Every year, millions of people who seek green cards lose out when their adjustment of status applications are denied. U.S. Citizenship and Immigration Services (USCIS) issues about a million green cards a year. Although this seems like a lot, the department receives about six million applications.
The statistics suggest the odds are stacked against your I-485 adjustment of status application. Nevertheless, many of these applications are speculative. Don’t give up immediately if you are unlucky.
The denial of a green card does not always mean you have a weak case. Some applicants make basic errors in filing paperwork, particularly if they did not use an experienced immigration lawyer. In certain cases, consider asking for a review of your case or even start over.
This is often an extremely stressful process. If you moved to the United States on a K-1 fiancé visa, a work-based visa, or as a refugee or an asylum seeker, you may have to leave the country. USCIS will send you into removal proceedings if your visa is expiring. You have a chance to argue your case in front of a judge.
Applicants whose adjustment of status claims are denied are faced with a few options. Firstly, weigh up the strength of your case. If you are applying for a green card as the spouse of a U.S. citizen you are an immediate relative which gives you a stronger case for permanent residency than the spouse of a green card holder.
Consider the following avenues if adjustment of status is denied:
1. A Motion to Reconsider or Reopen.
Your immigration lawyer can file a motion to USCIS to reconsider or reopen your case. Given that your first adjustment of status application has been denied, It’s advisable to hire an attorney.
Motions to reconsider are typically filed when applicants and their lawyers believe USCIS officials may have denied Form I-485 in error. Mistakes happen, particularly in recent years with federal offices suffering from chronic understaffing. If you can point to a legal or a factual error in your application, it’s worth filing a motion to reconsider.
A motion to reopen is slightly different. You should consider this option if new evidence comes to light that was unavailable to the immigration authorities at the time of the determination. You must have been unaware of the evidence at the time of the application. You can’t file a motion to reopen because you forgot to submit evidence the first time. Applicants should show they were unable to originally submit evidence that might have a bearing on their application.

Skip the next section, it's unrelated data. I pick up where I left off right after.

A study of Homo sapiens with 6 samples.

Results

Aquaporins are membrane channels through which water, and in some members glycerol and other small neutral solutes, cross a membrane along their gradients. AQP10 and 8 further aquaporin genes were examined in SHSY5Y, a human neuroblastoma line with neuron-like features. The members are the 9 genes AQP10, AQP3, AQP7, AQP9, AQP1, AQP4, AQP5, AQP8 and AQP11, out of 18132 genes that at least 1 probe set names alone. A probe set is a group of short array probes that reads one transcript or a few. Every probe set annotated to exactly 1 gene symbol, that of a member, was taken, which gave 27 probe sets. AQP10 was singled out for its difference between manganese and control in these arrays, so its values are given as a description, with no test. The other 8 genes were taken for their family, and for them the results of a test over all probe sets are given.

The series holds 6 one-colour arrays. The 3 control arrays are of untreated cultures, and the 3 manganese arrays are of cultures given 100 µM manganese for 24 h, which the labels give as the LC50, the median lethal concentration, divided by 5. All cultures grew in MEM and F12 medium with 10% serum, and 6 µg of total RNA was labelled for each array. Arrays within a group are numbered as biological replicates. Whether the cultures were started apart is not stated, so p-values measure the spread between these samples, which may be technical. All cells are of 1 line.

2. Seek a Review by the Administrative Appeals Office
USCIS points out there is no mechanism to appeal denial of adjustment of status, and few exceptions. However, USCIS can certify your case for review by the Administrative Appeals Office. This entails the transfer of your case away from immigration authorities to a different department. There is no scope to submit additional evidence so this avenue is only useful if you believe USCIS made an error.
3. Re-file an Application
If your visa allows you to stay in the United States post denial of status, you may be able to re-file the I-485 form. This gives people whose applications have been rejected the chance to start over. Ideally, talk with a lawyer about how your application can be improved. The I-129F form used to petition to bring your fiancé on a K-1 visa and their children (K-2) to the U.S may have to be re-filed if it was revoked; likewise an I-130 Petition for Alien Relative. Aim to include new evidence in a re-filing to minimize your chances of another rejection.
Many applications can be cleaned up and improved. In certain cases such as USCIS’s discovery of a criminal record or evidence that your marriage was fraudulent, re-filing an application will make no difference.
4. Request Reconsideration of Denial for a Judge
Applicants or their lawyers may request reconsideration of denial of adjustment of status by a judge. This is a long-shot avenue that’s rarely used. If you lack the status needed to remain in the United States, you will receive a Notice to Appear before a judge to start the removal process.
You can present your case in court. You need to submit the same documents you used on the original I-485 application but get the opportunity to bring new evidence to the court or to bring witnesses to testify on your behalf.
If your adjustment of status was denied it’s not the end of the world but you should act quickly to rectify the issue. Talk to an immigration lawyer as soon as possible about what action to take. At Gardner & Mendoza, our team represents people whose green card applications have been denied. Our legal team understands what a stressful process this is. We work closely with you to achieve a favorable resolution where possible. Call us at (757) 464-9224.